Debunking food allergy myths (Photo: MGN Online)

Dr. David Stukus is an associate professor of pediatrics in the division of allergy and immunology at Nationwide Children’s Hospital in Columbus, and he spoke with FOX 45's Clancy Burke to help debunk some food allergy myths.

MYTH #1: Food allergy tests are 100 percent accurate.

Dr. Stukus: “These tests have high rates of false positive responses so there’s a lot of overuse of food allergy tests. There are a lot of people that don’t have allergies to foods that are being told to avoid those foods, or worse, remove them from their diet when they’re eating them without problems based on test results alone. The only way to know with certainty that you’re allergic to a particular food is to see if you have a reaction when you eat it."

MYTH #2: Food allergy tests can tell the severity of an allergy.

Dr. Stukus: “Another big misconception is the size of a food allergy test tells you how severe a reaction would be. That’s not the case at all. The size of the food allergy test only helps determine the likelihood someone’s allergic to it, but ultimately the story of what happens when you eat the food is the absolute most important part of trying to figure out who may or may not have a food allergy.”

MYTH #3: Parents can cause their children to have a food allergy.

Dr. Stukus: “Ultimately it’s important for all parents to understand there is absolutely nothing – and I want to repeat this – nothing a mother or parent can do that will cause their child to have a food allergy. Nothing mom ate when she was pregnant, not due to what mom ate when she was breastfeeding…There are a lot of parents out there that carry unnecessary guilt thinking there’s something they could’ve done to cause a food allergy.”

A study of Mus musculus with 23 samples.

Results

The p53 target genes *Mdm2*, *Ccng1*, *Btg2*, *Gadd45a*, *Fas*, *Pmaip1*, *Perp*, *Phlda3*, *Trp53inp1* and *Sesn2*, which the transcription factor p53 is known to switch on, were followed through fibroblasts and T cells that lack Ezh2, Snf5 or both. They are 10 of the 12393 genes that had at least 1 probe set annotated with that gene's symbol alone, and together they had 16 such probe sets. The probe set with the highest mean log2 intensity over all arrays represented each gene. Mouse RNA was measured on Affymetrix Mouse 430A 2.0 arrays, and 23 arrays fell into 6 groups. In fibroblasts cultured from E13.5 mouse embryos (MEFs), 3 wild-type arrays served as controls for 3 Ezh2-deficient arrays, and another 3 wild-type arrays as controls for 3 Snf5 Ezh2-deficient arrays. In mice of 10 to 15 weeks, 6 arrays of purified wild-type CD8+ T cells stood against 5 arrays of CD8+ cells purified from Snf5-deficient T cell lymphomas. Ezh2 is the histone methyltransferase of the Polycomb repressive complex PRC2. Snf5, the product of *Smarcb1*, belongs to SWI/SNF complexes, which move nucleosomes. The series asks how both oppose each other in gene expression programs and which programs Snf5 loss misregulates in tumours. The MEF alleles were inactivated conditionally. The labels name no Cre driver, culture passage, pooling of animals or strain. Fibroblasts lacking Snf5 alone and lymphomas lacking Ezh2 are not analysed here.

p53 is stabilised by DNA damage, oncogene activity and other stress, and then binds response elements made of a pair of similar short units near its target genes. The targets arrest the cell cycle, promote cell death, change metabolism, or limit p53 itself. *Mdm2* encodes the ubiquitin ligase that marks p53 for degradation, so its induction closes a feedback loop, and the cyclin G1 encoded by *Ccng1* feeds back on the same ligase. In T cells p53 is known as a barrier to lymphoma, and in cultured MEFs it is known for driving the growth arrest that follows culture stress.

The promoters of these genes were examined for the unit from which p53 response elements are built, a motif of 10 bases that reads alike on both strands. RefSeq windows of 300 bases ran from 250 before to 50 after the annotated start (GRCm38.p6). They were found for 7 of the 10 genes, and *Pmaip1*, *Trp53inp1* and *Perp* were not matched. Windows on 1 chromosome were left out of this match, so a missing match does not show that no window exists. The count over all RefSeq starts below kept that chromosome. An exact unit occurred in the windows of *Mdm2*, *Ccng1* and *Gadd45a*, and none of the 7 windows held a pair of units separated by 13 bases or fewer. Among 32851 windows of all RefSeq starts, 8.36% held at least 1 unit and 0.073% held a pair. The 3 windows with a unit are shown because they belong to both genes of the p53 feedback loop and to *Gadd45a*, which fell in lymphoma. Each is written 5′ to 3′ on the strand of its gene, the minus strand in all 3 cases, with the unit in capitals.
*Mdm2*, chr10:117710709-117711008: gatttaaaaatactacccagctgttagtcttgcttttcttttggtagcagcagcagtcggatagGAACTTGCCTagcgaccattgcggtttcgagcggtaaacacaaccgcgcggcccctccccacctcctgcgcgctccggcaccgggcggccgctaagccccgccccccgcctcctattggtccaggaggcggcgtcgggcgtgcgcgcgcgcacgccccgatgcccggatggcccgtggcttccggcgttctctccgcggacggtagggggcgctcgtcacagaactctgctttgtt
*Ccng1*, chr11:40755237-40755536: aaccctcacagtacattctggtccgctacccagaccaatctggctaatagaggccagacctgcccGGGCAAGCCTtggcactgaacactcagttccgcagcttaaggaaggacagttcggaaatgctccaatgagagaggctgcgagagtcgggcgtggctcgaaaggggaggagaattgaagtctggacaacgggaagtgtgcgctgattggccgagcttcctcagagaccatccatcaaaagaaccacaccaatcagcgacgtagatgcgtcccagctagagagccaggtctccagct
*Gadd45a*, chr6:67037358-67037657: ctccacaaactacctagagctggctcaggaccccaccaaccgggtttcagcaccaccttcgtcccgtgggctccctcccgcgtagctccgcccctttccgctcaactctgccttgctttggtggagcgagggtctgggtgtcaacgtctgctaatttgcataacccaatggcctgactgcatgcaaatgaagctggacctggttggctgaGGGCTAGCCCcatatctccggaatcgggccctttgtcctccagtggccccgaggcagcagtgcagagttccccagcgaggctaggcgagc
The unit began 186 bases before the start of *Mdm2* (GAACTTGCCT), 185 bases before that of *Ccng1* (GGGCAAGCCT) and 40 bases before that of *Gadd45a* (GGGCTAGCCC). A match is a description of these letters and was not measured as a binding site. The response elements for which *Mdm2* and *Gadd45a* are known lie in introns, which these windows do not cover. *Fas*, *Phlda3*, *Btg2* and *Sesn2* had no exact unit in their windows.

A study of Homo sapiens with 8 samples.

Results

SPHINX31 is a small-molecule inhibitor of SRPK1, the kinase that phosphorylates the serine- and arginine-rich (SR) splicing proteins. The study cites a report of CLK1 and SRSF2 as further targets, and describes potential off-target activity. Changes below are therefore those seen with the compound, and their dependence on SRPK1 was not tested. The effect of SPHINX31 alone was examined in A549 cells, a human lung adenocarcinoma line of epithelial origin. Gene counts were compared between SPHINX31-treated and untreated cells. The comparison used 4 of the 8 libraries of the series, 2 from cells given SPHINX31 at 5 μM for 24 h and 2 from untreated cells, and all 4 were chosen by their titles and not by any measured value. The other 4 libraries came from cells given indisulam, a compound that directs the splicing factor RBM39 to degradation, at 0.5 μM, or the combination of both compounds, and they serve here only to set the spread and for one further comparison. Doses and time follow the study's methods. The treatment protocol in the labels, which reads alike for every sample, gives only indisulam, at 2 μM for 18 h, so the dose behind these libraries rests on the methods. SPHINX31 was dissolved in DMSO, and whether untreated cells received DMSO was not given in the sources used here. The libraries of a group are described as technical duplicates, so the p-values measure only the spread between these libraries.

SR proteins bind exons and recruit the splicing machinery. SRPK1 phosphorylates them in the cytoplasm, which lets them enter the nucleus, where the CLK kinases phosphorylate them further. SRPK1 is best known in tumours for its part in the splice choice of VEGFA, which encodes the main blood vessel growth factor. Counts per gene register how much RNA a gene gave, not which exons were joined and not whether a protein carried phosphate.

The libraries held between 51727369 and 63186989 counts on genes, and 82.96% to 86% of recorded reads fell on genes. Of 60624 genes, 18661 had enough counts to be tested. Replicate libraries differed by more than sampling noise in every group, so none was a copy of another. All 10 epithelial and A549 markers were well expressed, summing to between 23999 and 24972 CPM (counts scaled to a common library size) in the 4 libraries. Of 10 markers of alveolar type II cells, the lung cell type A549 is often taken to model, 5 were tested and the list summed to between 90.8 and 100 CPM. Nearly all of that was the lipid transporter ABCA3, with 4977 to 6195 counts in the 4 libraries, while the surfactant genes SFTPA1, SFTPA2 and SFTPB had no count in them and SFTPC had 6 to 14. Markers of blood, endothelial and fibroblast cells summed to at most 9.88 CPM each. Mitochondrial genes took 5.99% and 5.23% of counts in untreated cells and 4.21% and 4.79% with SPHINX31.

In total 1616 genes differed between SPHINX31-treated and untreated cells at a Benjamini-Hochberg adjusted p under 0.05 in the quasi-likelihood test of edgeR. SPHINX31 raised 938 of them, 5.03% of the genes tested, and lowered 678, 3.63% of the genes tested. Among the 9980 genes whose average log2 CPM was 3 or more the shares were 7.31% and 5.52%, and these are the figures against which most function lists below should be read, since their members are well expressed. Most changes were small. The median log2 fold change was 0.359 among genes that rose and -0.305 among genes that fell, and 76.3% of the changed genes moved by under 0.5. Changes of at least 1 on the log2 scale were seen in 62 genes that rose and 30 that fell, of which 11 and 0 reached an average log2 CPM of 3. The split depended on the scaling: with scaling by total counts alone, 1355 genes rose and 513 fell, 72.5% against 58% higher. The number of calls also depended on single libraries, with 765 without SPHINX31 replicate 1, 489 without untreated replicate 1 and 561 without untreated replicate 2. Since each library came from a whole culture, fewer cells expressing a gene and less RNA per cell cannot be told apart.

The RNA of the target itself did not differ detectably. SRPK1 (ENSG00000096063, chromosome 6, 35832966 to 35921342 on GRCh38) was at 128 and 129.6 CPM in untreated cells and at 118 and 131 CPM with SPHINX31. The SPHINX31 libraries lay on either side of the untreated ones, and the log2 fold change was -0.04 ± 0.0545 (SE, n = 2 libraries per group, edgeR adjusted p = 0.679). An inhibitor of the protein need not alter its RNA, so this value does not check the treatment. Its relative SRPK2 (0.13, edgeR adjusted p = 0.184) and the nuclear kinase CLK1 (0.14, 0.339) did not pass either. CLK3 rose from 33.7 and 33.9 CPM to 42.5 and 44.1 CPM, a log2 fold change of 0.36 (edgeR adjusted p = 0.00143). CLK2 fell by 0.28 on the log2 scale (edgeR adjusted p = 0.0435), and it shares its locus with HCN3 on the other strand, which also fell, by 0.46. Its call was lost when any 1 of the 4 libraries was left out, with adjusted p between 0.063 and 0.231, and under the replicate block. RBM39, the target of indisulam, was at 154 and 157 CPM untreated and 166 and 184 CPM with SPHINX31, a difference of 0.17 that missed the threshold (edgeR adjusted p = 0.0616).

MYTH #4: Baby wipes cause food allergies - Recent headlines claimed baby wipes cause food allergies, a result of a study being misinterpreted.

Dr. Stukus: “This came about through a study done in mice. And these mice were bred to have a condition essentially like eczema in infants, which we know is a risk factor for having an allergy. And what researchers did was expose these mice to various things through the skin, including peanut and eggs, but also to chemical found in soap.

"What happened was, mice exposed both to the chemical found in soap, as well as foods, then had higher rates of having allergic reaction to peanuts. Well, the headlines then extrapolated this and said, ‘Baby wipes may cause food allergies.’ Why is that? Well, authors, in a way to translate research in a way people could understand, suggested that perhaps chemicals found in common household things, like baby wipes, may be related to increasing rates of food allergy.

"But there’s a problem with this. One, the study didn’t involve humans. Two, the study didn’t involve baby wipes. Three, you cannot take data found in mice and extrapolate that to humans.”